Turning around when your job feels like a dead end

About the author

Elizabeth is a freelance writer in California and a former Career Q&A columnist for the Wall Street Journal.

(iStockphoto)

(iStockphoto)

It is nearly a career certainty: that unpleasant feeling of being stuck and not really knowing what to do about it comes around at least once over the course of a working life. Colleagues and new hires are being picked for plum positions while you sit by. Perhaps your job starts to feel like a dead end with little room for creativity or advancement.

If you think that everyone else is happy at work, think again. One-third of employees around the world say they are dissatisfied at work and nearly as many say their jobs are just “ok”, according to a Glassdoor.com ongoing company review survey with data from companies in 190 countries. Of course, there are circumstances beyond your control that can cause your career to sputter: economic downturns, unanticipated restructurings, and bad bosses, to name a few. But for that plain old feeling of stuck-in-place, there are solutions.

Make a lateral move

While some career coaches do not recommend a lateral move within your current company, since it can leave lingering doubts when you look for another job, many consider it an excellent way to jumpstart a stagnating career — if you will be adding new skills or setting yourself up for a future promotion.

“A lateral move into another group can offer you the excitement and the challenge of a new position without the bigger risks of changing organizations,” said San Francisco Bay Area executive coach Joel Garfinkle and author of Getting Ahead: Three Steps to Take Your Career to the Next Level. “It can help you avoid that overwhelming feeling of being stuck in a dead-end job,” and allows you to bring relevant and valuable experience from your past group to the new position.

A lateral move can also help when a more senior position eventually opens up. Having diverse experience in the organization should give you “a leg up on your fellow employees” when it comes to getting a promotion, Garfinkle said.

Keep your eye on postings internally and ask colleagues in groups you are interested in transferring to whether there are openings upcoming that might not be posted. It also pays to take the temperature of people in the target work group — make sure they, too, do not feel stuck in their jobs.

Back to school

During the recent recession, many people in the United States and across Europe returned to school, believing it was the easiest and best way to jumpstart their careers. But that isn’t always the case, said Al Stewart, founder of Business Mentors with offices in Atlanta and Paris. “I watched many individuals enroll in coursework that was going to do little for them after their graduation,” he said. The main problem: many people do not do critical research before enrolling in a particular major. “In a market where there are few jobs, even an additional degree doesn’t help if the market is stagnant or slow,” he said.

That’s not to say going back to school for a degree program or a certificate is not a good idea. The key is to focus on fields that are “hot” and in need of talent, such as healthcare or information technology. There are also no guarantees that the market won’t have changed by the time your schooling ends.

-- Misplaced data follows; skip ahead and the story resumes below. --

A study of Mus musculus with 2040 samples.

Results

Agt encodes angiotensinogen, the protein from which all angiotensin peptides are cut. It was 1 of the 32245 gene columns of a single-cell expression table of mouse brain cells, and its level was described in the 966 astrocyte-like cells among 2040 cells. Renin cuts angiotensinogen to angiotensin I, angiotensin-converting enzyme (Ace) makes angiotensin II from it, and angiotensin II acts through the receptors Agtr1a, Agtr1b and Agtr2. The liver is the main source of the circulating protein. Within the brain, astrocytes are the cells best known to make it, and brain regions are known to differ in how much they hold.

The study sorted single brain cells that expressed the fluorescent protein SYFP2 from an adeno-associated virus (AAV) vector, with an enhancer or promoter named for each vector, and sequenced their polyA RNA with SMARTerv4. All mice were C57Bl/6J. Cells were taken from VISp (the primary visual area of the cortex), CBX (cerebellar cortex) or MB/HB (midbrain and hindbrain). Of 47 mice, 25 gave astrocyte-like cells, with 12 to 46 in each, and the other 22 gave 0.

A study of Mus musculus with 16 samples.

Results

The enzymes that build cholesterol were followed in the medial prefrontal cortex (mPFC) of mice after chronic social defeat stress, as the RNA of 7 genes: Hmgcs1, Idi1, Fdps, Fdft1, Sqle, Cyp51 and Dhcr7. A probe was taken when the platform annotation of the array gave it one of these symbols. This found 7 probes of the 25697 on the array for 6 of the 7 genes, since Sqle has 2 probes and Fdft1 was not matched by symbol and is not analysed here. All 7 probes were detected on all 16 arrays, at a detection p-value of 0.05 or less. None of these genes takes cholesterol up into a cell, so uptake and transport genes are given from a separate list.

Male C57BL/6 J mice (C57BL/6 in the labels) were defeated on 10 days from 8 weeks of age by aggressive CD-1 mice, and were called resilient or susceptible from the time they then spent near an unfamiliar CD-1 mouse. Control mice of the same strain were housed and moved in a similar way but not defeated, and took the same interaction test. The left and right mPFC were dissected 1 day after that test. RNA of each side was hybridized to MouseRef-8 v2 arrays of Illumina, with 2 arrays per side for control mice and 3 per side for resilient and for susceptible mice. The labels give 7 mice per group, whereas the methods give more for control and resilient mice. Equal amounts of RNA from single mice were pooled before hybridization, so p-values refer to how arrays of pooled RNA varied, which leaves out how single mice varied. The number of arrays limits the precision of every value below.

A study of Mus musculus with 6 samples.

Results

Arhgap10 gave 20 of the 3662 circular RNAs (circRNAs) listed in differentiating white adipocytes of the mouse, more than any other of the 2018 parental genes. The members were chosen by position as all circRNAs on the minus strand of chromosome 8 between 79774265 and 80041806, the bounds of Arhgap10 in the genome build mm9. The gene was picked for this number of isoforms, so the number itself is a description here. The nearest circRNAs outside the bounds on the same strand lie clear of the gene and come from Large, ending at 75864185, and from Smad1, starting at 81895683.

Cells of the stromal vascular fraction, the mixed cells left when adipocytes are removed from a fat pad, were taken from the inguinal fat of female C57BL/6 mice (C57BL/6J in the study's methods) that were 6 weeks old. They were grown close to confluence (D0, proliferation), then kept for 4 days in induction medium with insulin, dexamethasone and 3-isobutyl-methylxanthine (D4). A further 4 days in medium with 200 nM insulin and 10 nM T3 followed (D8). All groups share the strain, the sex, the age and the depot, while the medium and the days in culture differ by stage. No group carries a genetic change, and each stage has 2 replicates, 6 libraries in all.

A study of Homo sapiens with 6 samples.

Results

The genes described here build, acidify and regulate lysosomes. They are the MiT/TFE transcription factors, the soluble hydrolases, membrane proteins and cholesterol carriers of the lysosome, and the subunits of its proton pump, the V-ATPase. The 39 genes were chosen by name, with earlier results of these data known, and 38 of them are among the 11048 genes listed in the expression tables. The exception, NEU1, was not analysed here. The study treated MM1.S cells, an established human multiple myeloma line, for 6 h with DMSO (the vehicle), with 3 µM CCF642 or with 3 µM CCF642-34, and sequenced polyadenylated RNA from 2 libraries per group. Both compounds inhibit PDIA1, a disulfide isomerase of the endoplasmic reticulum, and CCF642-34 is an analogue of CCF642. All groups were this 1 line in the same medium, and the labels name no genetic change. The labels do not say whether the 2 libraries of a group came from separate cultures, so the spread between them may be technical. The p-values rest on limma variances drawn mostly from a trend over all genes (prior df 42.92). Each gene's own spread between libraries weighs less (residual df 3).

Your best bet? Don’t drag the coursework out too long and go to school part-time while keeping your job. Having the safety net of a job while going to school will make “a big difference in your attitude and approach,” said Stewart. Plus, your career track will stay on course, handy in the event it takes longer to make a career move.

Is the grass greener somewhere else?

The most direct way to get your career on the upswing: find a job with another company. You would not be alone. According to the 2012 Candidate Behavior Study from employment site Careerbuider.com, 74% of the 1,078 American and Canadian workers surveyed were either actively searching for a new job or were open to a new opportunity.

Get your resume or CV and online profiles in order before you begin digging into job postings. Make sure they are up to date and reflect the sorts of skills you want to use in your next job.

“It's important to hold onto your job until you get the next job so that you are perceived as more valuable, can ask for more money and can pay your rent,” said Dan Schawbel, author of the upcoming book Promote Yourself: The New Rules for Career Success. So, for instance, don’t send out an email blast to everyone you know telling them that you are looking or post it on Facebook, Twitter or LinkedIn – short-sighted moves like these could end up costing you your job. Privately message people you trust in your network to find out who is hiring and if they can refer you.

Whether you decide to make a lateral move, go back to school, or seek a position elsewhere, you’ll need to take a more proactive approach to those things you can control to lessen your chances of feeling stuck again. Make yourself into a well-rounded team player willing to take on new roles and challenges, said Garfinkle. “Learn as much as you can, not only about your job, but other facets of the organization and the industry. Become the “go to” person for information and advice,” he said. By doing this, you’ll be the first person higher ups consider when an advancement opportunity does arise.

Career Coach is a twice-monthly column on BBC Capital in which we consider the career turning points and questions many professionals face. We welcome questions from readers at careercoach@bbc.com.

One-third of employees say that they are dissatisfied at work.